The Longhorn Network may not have much of an audience, but some of its viewers might be the most engaged in all of TV. Not to mention upscale. An ad sales department couldn’t ask for a better combination.
These glued viewers apparently aren’t just checking out the live feed. They’re burning out some DVRs by watching over and over again, breaking things down frame by frame.
Some of them are surely millionaires. Others probably make enough that President Obama wants to close the deficit by raising their taxes.
Several times a week the Longhorn Network (LHN), owned by ESPN with IMG handling ad sales, airs a small part of the University of Texas’ football practices. Seems like a nice way to attract viewers, even if it’s just some wind sprints or a little pitch and catch. But no!
To listen to Coach Mack Brown on Monday, one might think he’s trying to drive ratings by offering a taste of UT’s defensive strategy for its upcoming game and even showing off some planned trick plays.
Brown blasted LHN for giving opponents a “true advantage.” He said the opposing coaches – some with salaries probably equal to much of the chemistry faculty – are tuning in rapt for the reality TV.
Apparently, that was the case in advance of Saturday’s game against Baylor when Texas held on for a 56-50 win.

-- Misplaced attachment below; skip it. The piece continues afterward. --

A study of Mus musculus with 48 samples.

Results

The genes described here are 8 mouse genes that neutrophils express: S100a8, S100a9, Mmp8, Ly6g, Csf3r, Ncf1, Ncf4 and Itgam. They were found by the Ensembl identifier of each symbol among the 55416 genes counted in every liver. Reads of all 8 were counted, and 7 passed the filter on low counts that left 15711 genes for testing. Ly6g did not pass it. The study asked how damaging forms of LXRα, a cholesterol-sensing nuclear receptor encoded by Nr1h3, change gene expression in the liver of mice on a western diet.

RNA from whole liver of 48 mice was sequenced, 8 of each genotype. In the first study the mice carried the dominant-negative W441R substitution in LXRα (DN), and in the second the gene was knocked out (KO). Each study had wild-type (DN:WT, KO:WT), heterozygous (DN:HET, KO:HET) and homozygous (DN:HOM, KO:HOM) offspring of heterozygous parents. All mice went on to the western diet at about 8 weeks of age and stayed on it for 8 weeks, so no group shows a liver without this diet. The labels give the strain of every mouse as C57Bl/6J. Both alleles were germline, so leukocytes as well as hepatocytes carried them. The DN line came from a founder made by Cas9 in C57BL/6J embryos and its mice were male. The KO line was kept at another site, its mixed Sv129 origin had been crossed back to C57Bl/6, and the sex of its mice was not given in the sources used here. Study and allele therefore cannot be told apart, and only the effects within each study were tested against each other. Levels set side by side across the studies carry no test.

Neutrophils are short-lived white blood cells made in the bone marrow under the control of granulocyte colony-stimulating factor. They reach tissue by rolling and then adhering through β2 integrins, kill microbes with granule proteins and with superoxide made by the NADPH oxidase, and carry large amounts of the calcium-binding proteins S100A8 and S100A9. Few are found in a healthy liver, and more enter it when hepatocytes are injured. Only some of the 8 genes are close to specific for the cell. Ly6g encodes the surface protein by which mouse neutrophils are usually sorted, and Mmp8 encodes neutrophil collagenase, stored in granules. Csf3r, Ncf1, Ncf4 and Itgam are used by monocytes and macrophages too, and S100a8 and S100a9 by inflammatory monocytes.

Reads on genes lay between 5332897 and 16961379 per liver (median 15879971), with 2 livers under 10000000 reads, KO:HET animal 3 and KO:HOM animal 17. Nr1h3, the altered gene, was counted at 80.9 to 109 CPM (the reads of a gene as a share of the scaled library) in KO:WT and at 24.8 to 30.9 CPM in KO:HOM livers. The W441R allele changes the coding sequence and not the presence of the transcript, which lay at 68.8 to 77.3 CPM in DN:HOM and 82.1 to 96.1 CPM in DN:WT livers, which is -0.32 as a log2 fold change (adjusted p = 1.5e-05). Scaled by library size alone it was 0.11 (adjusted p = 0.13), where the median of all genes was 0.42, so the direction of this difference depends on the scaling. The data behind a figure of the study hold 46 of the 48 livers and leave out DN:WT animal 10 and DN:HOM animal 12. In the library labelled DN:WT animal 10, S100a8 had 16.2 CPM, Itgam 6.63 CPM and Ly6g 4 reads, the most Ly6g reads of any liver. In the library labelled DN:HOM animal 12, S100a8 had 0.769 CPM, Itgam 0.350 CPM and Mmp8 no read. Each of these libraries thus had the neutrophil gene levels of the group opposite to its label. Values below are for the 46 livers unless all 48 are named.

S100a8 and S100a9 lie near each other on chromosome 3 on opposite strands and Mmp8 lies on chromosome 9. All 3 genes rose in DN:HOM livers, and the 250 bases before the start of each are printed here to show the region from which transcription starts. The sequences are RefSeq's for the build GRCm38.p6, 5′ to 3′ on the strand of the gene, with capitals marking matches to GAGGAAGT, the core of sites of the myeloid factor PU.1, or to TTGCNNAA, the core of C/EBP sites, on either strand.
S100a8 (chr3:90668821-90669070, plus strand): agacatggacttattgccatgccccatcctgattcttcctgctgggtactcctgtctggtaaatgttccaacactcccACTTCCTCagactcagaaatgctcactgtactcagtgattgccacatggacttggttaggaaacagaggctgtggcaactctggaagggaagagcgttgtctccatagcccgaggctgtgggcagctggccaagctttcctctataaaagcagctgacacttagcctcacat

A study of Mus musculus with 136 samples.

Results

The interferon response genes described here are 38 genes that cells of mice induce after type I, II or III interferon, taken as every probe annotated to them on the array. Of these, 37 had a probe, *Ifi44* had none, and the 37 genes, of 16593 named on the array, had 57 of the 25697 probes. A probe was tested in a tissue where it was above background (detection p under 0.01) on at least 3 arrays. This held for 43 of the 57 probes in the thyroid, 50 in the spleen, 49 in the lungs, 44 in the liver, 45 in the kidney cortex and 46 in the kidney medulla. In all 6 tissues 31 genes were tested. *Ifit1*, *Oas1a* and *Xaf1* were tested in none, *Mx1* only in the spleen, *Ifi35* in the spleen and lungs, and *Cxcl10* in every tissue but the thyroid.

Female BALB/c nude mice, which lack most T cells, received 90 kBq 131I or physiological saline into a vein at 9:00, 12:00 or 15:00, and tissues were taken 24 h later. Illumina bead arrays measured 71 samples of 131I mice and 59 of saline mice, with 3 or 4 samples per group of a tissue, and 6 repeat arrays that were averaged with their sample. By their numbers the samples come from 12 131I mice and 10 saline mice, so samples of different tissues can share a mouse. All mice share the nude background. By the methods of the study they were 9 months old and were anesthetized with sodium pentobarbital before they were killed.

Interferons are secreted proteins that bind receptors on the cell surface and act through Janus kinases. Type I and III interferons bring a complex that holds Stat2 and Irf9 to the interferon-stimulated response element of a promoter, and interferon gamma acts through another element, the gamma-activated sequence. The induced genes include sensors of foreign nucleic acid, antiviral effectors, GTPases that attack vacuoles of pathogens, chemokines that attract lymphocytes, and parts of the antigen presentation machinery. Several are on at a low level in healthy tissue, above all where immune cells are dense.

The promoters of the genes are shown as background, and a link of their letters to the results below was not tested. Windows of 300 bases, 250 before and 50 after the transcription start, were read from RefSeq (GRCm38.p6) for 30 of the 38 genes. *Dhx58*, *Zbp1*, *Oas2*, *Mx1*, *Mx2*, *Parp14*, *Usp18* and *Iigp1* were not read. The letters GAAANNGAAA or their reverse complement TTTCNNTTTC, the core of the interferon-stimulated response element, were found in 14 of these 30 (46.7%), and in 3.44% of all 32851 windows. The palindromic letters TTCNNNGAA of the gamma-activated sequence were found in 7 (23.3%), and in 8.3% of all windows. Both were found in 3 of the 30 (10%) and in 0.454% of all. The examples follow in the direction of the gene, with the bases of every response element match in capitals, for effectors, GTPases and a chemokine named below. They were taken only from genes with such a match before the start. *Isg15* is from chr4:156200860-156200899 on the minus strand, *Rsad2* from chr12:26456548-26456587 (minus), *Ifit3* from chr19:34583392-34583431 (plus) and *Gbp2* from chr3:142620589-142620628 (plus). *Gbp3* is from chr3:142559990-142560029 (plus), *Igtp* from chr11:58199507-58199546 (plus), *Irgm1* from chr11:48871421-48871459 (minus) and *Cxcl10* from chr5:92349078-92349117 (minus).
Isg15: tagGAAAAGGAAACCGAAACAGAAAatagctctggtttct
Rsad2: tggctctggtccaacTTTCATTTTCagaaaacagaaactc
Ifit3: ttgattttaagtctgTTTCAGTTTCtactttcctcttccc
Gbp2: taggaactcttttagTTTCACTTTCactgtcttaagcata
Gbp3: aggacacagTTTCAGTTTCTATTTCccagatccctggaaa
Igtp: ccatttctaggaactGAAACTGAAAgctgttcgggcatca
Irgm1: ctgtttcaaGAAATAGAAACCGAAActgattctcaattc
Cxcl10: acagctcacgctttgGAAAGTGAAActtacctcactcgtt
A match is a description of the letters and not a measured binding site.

“Baylor sees every practice,” Brown told the AP. “We’re a little overexposed.”
Speaking generally about opponents’ scouting opportunities, he said: “They can watch our attitude, they can watch our coaches.”
Such secrets! It would seem easy enough for Brown to tell his players to act downtrodden and unmotivated in order to deceive an opponent, but maybe he’s too honest for that?
Brown said the University of Texas agreed to let LHN carry the practices without his input. That could be the only time during his tenure at UT, where a decision was made affecting him without his thoughts sought out. Football coaches don't hold any sway in big-time athletics at all anymore.
It seems funny that LHN, which focuses on UT 24/7 and has struggled to gain distribution, once was supposed to give UT such an advantage in recruiting that rival Texas A&M was angry enough that it bolted the Big 12.
Besides giving away game plans, LHN has also apparently worn Brown down since he does three shows a week that air on the network. Never mind that he might get paid extra for that or the load of cash ESPN pays UT each year might just help pay Brown’s $5 million salary, there are only so many hours in a day.
The Longhorns used to be dominant, near the top of the college football world each year. Last year – the first with LHN – the team finished an uninspiring 8-5 (after a losing season). This year, the team is a ho-hum 5-2.
Brown is feeling some heat from UT fans. His LHN hatchet job wouldn’t have anything to do with that, would it?